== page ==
We all know the benefits of eating more fibre, especially for its role in keeping our digestive tract healthy and keeping us more ‘regular’. Now researchers from the Westmead Institute for Medical Research in Australia have uncovered what they believe is an unexpected benefit, in that it can also help us to avoid the diseases and disabilities associated with ageing.

The Australian scientists used data taken from the Blue Mountains Eye Study, which collected information relating to the risk factors for long-term sensory loss and systemic diseases from more than 1600 adults aged over 50, over a 10 year period. They used this data to explore the relationship between healthy ageing and the consumption of carbohydrates. Their results proved to be rather surprising to say the least, in that they found that fibre had the biggest impact on what the scientists classified as ‘successful ageing’, particularly as fibre is a type of carbohydrate that cannot be digested by the body. For the terms of their study they defined successful ageing as ‘an absence of disability, depressive symptoms, cognitive impairment, respiratory problems and chronic diseases, such as coronary artery disease, stroke and cancer.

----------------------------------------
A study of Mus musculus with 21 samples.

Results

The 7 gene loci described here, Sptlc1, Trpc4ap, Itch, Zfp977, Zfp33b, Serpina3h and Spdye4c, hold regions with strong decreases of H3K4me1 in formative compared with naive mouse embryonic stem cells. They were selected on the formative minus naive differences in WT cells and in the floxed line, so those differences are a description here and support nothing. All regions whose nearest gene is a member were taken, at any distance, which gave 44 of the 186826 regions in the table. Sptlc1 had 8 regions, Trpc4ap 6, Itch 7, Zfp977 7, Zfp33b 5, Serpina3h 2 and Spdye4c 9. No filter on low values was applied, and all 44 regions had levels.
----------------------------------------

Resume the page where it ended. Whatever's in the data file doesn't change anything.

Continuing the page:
From their analysis the team found that those people who consumed the greatest amount of fibre had an almost 80% greater chance of living a long, and most importantly, healthy life, in that they were less likely to suffer from dementia, depression, hypertension and diabetes.

This study is the first of its type to look at the role of carbohydrate intake in healthy ageing, and the lead author of the paper believes that the results are of sufficient significance to warrant further studies to be carried out. Although it is still too early to use the results to formulate new dietary advice, it has opened up new avenues to explore the subject further. In particular, it would be interesting to see if other large cohort studies could find similar associations to those found by the Westmead team. However, this recent finding does back up existing knowledge, that a healthy diet is vital for ensuring optimum functional and mental health.

This research paper was published online in The Journals of Gerontology: Medical Sciences.